Council explores curbside recycling

Ongoing illegal dumping at Sicamous’ downtown recycle depot has sparked interest in municipal council looking at alternatives.

Depot: The CSRD-run recycling depot continues to experience problems with improper dumping of materials.

Depot: The CSRD-run recycling depot continues to experience problems with improper dumping of materials.

Ongoing illegal dumping at Sicamous’ downtown recycle depot has sparked interest in municipal council looking at alternatives, including a curbside program.

At its Jan. 28 regular meeting, council received a presentation by Columbia Shuswap Regional District operations manager Darcy Mooney and environmental services team leader Ben Van Nostrand regarding recycling in the regional district.

Mooney provided some background on the process that led to the development of curbside collection programs, for recycling and garbage, in Salmon Arm, Revelstoke and Golden (Sicamous had an opportunity to partner with Salmon Arm but declined). For communities without curbside programs, recyclables are collected at landfills and 18 CSRD-run depot sites throughout the regional district, including Sicamous’ at the Main Street/Highway 97A intersection.

Nostrand explained how Multi-Materials BC has since taken over the collection of recyclables, resulting in the cost of related programs being shifted from the taxpayer to industry.

“Historically, we had green bins at 18 sites… material was collected there and hauled back to Kamloops for processing. That was to the tune of about $120,000 a month,” said Van Nostrand. “That was entirely borne by taxation. All of those costs have now been transferred to MMBC.”

MMBC taking on recyclables required changes at the depots. Hours of operation were instituted and staff hired to ensure materials are being sorted.

“I think, in general, the public support has been fairly positive,” said Van Nostrand. “I’ve been talking to the fellow here in Sicamous. For the most part, people have been receptive to the new categories.”

That said, Van Nostrand confirmed there have been problems with illegal dumping at the depots, Sicamous’ included.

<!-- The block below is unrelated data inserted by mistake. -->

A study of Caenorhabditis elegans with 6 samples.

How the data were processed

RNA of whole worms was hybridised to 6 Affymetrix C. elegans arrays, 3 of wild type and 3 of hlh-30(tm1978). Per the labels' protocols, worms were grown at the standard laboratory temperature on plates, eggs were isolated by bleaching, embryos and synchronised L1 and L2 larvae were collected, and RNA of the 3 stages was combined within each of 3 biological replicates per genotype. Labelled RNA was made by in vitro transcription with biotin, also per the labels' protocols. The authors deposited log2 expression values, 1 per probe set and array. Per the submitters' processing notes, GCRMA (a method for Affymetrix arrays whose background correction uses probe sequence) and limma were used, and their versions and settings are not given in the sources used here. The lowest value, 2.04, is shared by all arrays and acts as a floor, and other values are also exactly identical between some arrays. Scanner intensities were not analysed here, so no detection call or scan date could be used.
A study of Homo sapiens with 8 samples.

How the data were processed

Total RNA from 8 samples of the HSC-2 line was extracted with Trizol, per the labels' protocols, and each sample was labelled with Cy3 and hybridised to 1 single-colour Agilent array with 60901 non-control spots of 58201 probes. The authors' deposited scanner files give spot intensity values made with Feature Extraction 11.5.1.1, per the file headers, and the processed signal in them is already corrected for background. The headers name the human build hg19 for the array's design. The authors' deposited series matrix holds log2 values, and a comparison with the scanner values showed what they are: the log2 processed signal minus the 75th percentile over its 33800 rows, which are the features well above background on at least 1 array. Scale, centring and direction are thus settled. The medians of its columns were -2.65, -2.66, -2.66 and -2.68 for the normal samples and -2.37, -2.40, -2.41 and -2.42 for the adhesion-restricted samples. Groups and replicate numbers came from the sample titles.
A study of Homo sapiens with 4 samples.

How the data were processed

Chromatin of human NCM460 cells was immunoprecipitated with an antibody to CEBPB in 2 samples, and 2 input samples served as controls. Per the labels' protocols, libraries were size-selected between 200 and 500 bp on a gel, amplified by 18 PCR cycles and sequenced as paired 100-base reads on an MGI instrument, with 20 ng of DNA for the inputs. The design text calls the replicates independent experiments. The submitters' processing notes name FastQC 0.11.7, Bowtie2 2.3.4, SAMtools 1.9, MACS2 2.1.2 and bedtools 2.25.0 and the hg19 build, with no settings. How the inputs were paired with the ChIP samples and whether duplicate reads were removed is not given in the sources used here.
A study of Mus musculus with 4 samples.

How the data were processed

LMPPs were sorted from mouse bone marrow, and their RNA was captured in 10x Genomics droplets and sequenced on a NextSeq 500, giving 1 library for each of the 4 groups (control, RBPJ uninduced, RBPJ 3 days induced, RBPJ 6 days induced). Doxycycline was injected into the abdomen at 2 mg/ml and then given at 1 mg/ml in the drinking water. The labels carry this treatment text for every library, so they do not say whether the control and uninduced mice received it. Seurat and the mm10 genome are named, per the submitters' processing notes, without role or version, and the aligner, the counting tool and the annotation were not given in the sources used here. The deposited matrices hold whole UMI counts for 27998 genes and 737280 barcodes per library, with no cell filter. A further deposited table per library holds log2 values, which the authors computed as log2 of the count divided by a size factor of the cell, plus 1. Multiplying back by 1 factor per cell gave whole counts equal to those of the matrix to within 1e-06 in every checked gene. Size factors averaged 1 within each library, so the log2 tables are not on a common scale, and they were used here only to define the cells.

“I think in time, if the site doesn’t improve, then we pull the site,” said Van Nostrand. “We’re banging our heads against the wall trying to make this work.”

Coun. Jeff Mallmes pressed for more information on the curbside program that had been proposed for Salmon Arm and Sicamous (one bag of garbage for $2 a month, and unlimited recycling every second week for $8 a month).

Mooney said the council opted out of the program due to the percentage of seasonal residents who would have been on the hook year round. That was before MMBC, however. Mooney went on to explain MMBC will review its program every five years, and if Sicamous were to establish a curbside collection program for recyclables within that time, it could be absorbed by MMBC.

Shifting the conversation back to the location of the Sicamous depot, Coun. Malcolm Makayev asked if any consideration has been given to relocating the bins. Van Nostrand said the CSRD is open to discussion, understanding council’s concern with the aesthetics of the current location. Mooney, added, however, that in the past, when the bins were at the curling rink, there were even more incidents of illegal dumping and vandalism.

“What we’ve found was the more isolated it becomes, the more prone to these bins catching fire and being vandalized in other ways,” said Mooney.

Mayor Terry Rysz said he wants to see the bins moved from Main Street without question. Regarding the refuse being illegally dumped, Rysz asked if another bin could be placed at the local depot site.

“Respectfully, I don’t think that solves the issue,” replied Van Nostrand. “I go back to some of our sites, when the bins were open 24/7, people would dump the craziest things in and around (them). So if there’s another garbage bin, it’s just another excuse for someone to illegally dump, unfortunately.”

Van Nostrand pointed out how a curbside program reduces the need for the downtown depot. Detecting interest in this option, Mooney encouraged council to consider integrating with Salmon Arm’s program so as to achieve greater savings.

“Salmon Arm recycling and garbage pickup is not a five-day-a-week job, so I remember that with Sicamous combined, that would provide a full, five-day-a-week job to service both communities,” said Mooney. “And at the time, Sicamous really received the biggest win, because they could get in on the economy of scale on those larger numbers. I think there’s an opportunity.”